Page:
Bereaved mother sent bill for notes: 'Lamentable' breach of complaints procedures highlights examples of delay and complacency

Click to follow
The Independent Online
A WOMAN whose baby son died in mysterious circumstances after several operations, waited eight months for the hospital to offer an explanation - only to be given a bill for his medical notes.

Despite receiving three solicitors' letters, hospital chiefs did nothing to explain the causes of the child's death. They later admitted a 'lamentable' breach of the complaints procedures.

Details of the treatment she received are disclosed in a summary of the latest investigations carried out by the NHS ombudsman. The case is a prime example of the poor handling of complaints, highlighted in his annual report.

The summary records how the baby was admitted to the Queen Elizabeth Hospital for Children in Hackney, east London, after he was born without an abdominal wall. Surgeons carried out a series of operations but he died a few weeks later. The woman was told by the consultant paediatrician he did not know the causes of death.

The woman asked for a post- mortem examination and a doctor at her GPs' practice also wrote to the hospital for information. The doctor received a detailed response from the consultant, who also wrote to the woman. However, her letter contained apparent contradictions. By then she had asked solicitors to write to the hospital.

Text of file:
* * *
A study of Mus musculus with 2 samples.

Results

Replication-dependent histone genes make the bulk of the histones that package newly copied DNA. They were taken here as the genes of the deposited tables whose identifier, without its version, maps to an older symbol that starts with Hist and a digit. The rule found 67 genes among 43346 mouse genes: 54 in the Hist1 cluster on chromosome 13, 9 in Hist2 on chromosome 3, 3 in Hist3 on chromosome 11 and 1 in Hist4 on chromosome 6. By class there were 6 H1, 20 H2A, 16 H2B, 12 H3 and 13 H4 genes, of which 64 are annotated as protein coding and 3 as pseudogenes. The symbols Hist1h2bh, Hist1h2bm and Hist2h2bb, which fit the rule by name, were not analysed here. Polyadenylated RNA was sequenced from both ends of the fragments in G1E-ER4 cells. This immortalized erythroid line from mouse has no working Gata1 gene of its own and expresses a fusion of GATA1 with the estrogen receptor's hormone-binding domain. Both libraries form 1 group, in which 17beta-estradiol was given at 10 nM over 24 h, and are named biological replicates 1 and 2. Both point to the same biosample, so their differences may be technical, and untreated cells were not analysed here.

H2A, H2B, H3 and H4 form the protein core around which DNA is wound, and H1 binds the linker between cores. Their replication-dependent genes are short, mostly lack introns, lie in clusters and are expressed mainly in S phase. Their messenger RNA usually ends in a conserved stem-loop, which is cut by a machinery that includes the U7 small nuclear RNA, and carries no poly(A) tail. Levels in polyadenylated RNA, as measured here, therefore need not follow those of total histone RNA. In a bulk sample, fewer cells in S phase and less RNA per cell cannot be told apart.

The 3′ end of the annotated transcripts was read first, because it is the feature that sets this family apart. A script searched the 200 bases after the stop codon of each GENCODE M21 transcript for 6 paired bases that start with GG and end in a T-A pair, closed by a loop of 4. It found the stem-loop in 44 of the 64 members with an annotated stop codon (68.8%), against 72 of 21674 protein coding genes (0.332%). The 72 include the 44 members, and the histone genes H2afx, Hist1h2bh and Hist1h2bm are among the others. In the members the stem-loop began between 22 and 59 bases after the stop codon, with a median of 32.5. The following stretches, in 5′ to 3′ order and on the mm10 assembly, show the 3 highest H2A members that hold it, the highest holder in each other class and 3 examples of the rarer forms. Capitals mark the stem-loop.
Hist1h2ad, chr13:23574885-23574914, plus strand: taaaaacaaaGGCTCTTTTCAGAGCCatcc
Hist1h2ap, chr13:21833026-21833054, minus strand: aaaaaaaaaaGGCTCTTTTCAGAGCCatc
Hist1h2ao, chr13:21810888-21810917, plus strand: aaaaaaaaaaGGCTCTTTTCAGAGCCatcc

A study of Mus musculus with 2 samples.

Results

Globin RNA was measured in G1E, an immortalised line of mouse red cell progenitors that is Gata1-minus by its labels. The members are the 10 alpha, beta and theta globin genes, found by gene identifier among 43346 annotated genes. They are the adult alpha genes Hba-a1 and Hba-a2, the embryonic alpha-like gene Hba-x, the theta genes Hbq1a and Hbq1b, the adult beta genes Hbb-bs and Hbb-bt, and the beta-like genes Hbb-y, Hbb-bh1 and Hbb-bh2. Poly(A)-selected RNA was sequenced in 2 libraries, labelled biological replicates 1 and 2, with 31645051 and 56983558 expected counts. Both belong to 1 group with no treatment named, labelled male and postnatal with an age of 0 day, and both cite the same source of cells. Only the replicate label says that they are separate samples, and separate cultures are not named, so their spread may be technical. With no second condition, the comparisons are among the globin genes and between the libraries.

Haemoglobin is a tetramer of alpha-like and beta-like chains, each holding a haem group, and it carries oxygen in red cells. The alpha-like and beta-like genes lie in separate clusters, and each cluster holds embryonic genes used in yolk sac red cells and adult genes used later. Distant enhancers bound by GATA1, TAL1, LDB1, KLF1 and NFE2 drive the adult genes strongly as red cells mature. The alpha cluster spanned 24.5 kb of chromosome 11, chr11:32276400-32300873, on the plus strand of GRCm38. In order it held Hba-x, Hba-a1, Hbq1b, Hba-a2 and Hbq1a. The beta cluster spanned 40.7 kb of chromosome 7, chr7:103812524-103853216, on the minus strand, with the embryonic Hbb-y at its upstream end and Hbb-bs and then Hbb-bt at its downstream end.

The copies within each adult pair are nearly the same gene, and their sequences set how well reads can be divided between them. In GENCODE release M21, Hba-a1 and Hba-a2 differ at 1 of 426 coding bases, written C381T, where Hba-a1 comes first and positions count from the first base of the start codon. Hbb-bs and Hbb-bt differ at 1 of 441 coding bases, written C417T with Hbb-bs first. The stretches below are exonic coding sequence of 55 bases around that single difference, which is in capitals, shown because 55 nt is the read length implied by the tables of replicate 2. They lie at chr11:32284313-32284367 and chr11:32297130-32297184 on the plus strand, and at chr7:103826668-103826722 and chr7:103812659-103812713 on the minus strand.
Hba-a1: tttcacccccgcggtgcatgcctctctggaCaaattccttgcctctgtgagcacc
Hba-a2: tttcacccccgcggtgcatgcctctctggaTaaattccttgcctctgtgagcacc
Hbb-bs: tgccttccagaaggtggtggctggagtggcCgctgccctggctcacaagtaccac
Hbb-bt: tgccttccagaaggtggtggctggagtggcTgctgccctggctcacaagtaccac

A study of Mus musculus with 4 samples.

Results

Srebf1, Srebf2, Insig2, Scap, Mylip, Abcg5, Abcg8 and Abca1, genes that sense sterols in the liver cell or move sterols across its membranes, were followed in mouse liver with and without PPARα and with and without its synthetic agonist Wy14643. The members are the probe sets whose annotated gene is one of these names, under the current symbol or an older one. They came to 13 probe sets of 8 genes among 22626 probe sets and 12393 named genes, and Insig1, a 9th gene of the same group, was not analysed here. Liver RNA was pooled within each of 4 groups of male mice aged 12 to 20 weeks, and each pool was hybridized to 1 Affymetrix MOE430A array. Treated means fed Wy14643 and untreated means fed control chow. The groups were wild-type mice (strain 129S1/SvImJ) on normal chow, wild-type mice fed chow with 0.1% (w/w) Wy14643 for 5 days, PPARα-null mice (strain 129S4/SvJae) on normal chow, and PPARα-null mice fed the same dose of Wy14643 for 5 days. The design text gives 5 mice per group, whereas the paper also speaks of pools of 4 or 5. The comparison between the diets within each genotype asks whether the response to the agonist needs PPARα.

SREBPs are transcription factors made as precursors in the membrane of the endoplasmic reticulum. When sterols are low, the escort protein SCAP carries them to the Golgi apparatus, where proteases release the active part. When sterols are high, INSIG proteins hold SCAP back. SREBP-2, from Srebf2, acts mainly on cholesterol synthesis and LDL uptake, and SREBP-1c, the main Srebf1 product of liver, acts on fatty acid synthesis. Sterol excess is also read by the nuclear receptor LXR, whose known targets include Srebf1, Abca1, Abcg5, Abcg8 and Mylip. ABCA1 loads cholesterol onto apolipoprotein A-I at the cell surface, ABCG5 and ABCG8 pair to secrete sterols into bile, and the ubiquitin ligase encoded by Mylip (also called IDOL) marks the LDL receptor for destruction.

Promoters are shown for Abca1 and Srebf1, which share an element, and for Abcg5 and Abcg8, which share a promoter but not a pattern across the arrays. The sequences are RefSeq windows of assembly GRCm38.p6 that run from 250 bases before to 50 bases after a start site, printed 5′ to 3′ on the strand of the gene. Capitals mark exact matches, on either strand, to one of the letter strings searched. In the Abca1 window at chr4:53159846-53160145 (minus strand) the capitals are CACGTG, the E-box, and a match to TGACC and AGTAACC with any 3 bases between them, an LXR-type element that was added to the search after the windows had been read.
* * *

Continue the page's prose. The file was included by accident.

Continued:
Letters were written to the hospital manager and a bill and the medical records arrived several months later. Only when the ombudsman intervened did the hospital apologise.

Among other cases highlighted in the report were:

A 90-year-old woman with a suspected broken pelvis was kept lying for six hours on a trolley in Ysbyty Hospital, Gwynedd, while waiting for an ambulance to take her to a nursing home.

Nurses made several requests for an ambulance - but failed to refer the matter to senior staff. Ambulance staff did not record the request, nor did they consider it urgent.

A man whose father died weeks after a routine operation was not told the consultant surgeon had suspected cancer some weeks earlier. The consultant, who told the family that surgery would be too painful, did not inform them or hospital staff of his suspicions.

The ombudsman found undue delay, complacency and a lack of knowledge in dealing with the son's complaint.